By Kylie Ora Lobell

Last summer, a chronic shortage of hourly workers across the U.S. kept many public pools from fully operating, forced restaurants to limit their hours, prompted amusement parks to keep some sections closed and led trolley lines that serviced beaches to shut down.

This year, the labor shortage remains a problem—and it’s already impacting employers in need of seasonal help.

“Seasonal workers are always going to be a challenge to find, no matter the market,” said Stacy Fetherston, field talent officer at College HUNKS Hauling Junk & Moving based in Tampa, Fla. “The days of ‘I’m so lucky to have a job’ are now a case of ‘We are so lucky to have employees.'”

Nevertheless, HR professionals say that by acting now, you can still find the employees you’ll need for the summer months. They recommend taking the following steps.

Start Recruiting Early

“Preplanning for the summer months is key,” said Chelsea Searan, human resources lead at Instant Financial in Atlanta. “You have to be early to get the best talent in the door before they are committed to working somewhere else.”

Post your available jobs online now, and once you identify solid candidates, don’t wait too long to make an offer, Searan advised. Chances are good that candidates will receive a range of offers as soon as they post their resumes, so be ready to move ahead.

This is particularly important in certain fields.

“While the latest jobs report shows that the hiring pace is slowing, highly skilled talent will always be in demand—especially in sectors that continue to demonstrate high levels of job growth, such as leisure and hospitality, health care and government,” said Tracey Power, chief people officer at Vaco, a talent solutions company based in Brentwood, Tenn.

Employers should also consider how long it’ll take to train a new seasonal employee and make sure they feel empowered in their role, Power said.

“Onboarding, training and assimilating new employees into your organization is just as important as the hiring process itself, especially for seasonal workers,” she said. “Giving your new hires the support they need to thrive will pay dividends for both employees and employers.”

Look for Workers in the Right Places

Posting available positions on LinkedIn, Indeed and other online platforms makes sense when you’re hiring full-time employees to work year-round. But when looking for seasonal help, it pays to be more creative, said Kendra Janevski, SHRM-SCP, managing director of HR at Vault Consulting in McLean, Va. She recommends writing succinct and enticing job descriptions and placing them where potential seasonal hires are looking.

“Right now, that is often social media,” Janevski said. “Setting up an employer Instagram account for recruiting can be the best place to find generations of talent who would be searching for the perfect summer position to enhance their resume or pocketbook. Reaching out to local or specialized high school, college and other niche job boards can also be a great option.”

Power agreed that social media can be key when looking for seasonal candidates, particularly TikTok and Facebook, where younger workers’ parents might see your job listings. But doing legwork on the ground can also pay off.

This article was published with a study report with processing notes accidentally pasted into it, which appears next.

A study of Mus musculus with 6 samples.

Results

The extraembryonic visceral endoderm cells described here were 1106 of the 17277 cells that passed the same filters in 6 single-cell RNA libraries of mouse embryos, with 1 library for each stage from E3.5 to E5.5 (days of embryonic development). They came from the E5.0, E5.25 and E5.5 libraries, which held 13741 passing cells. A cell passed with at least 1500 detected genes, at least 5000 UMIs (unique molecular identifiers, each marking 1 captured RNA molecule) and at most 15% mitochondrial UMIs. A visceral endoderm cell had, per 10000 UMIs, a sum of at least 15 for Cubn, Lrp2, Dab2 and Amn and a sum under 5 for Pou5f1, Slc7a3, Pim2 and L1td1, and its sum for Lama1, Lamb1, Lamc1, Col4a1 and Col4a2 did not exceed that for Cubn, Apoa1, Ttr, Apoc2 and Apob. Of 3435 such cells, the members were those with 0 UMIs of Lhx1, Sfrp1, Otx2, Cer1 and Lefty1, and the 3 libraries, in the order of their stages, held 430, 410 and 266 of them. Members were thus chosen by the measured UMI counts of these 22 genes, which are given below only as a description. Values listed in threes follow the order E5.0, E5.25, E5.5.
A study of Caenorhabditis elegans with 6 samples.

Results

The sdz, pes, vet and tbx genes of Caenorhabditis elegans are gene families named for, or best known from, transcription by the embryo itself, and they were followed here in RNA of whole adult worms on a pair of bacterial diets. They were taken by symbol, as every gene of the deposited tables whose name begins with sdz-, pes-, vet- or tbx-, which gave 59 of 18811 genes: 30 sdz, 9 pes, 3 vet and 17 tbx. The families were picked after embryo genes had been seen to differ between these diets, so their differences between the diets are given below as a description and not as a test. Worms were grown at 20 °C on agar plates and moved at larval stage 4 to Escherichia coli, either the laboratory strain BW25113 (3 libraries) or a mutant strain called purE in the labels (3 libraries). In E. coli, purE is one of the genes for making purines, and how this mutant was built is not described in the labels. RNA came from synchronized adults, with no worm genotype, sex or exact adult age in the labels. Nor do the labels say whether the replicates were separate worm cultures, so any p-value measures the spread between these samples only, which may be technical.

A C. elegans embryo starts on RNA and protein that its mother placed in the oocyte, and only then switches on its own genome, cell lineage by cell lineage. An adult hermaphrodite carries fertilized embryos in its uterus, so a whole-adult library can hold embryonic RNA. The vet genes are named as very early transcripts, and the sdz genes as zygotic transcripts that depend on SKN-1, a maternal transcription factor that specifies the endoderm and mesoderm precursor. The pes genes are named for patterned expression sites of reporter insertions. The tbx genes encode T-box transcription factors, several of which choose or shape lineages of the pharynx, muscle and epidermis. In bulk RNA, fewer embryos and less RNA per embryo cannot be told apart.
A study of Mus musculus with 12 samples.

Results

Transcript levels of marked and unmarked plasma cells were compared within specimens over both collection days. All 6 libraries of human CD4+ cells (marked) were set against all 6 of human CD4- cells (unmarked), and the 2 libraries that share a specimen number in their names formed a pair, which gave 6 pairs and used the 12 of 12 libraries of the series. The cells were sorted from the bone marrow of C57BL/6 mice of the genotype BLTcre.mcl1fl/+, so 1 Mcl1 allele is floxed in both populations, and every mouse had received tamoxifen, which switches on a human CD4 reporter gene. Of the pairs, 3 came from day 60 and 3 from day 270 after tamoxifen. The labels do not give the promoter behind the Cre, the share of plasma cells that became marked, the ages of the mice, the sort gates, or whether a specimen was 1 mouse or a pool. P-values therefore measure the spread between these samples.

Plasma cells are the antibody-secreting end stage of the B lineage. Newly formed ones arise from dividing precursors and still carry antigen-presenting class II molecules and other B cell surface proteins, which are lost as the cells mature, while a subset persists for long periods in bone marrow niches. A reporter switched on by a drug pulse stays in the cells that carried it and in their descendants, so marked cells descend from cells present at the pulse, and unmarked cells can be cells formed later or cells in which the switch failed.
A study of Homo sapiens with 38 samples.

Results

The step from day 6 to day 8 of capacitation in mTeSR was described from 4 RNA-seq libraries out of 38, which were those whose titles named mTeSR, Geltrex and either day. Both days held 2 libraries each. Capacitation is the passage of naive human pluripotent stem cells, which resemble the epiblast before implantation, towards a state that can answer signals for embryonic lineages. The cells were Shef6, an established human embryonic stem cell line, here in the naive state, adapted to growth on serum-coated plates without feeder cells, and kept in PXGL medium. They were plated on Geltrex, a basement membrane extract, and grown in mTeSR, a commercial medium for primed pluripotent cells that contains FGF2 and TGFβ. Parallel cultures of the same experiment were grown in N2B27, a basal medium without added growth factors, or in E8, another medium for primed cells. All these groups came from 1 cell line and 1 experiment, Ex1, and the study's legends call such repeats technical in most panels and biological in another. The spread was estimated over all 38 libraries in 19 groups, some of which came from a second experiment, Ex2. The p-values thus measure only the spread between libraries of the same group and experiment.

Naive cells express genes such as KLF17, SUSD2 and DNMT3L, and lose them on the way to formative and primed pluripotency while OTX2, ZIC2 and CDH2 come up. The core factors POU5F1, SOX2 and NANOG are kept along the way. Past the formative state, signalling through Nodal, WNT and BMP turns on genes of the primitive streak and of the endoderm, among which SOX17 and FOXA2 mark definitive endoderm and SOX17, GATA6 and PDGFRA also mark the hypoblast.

“You can invest in online advertisements and share job openings on college message boards,” Power said. “But a little grassroots effort goes a long way with this population, so you can also keep it simple by posting physical signage at your office location(s) that tell people you’re hiring.”

Provide Competitive Wages and Instant Pay

Offering pay above minimum wage for summer work will set your organization apart from others, said Searan, adding that it’s crucial to include the wage range in job posts so that more people apply.

Employers may want to consider offering instant pay as well.

“It’s important to remember that it’s not all about how much you can pay, but when your talent can access it,” Searan said. “With Generation Z especially, who have grown up in a world of instant accessibility, providing that same instant access to wages is a competitive edge over employers that will not bend from traditional payroll cycles.”

Offer College Credits

Are you hoping to hire candidates who are still in college? They may want more than a paycheck and experience from their summer position. If you can provide college credits, that could convince some students to apply.

“Accrediting a seasonal job varies on a school-by-school basis, which means that if a college offers credit for summer work, they will have their own requirements and some kind of form and/or check-in process,” Power said. “It’s worth it to build a partnership with local colleges and build these accreditation programs, especially if you know you will have regular seasonal openings you need to fill every year.”

Provide Other Learning Opportunities

Along with college credits, you can make summer positions more attractive—and meaningful—if you use them as less-formal teaching opportunities.

“Identify your core team members and turn them into mentors,” said Fetherston, who also hosts team-building activities for seasonal employees at her company. “Fill in the gaps and provide a space for others to learn and grow.”

Lastly, keep in mind that even though it can be intimidating to try to find seasonal help, it’s important not to rush any decisions.

“Hiring too quickly, or hiring the wrong people, is the fastest way to weaken a sustainable business,” Fetherston said. “Remember, people are not your most important asset—the right people are.”

Kylie Ora Lobell is a freelance writer based in Los Angeles.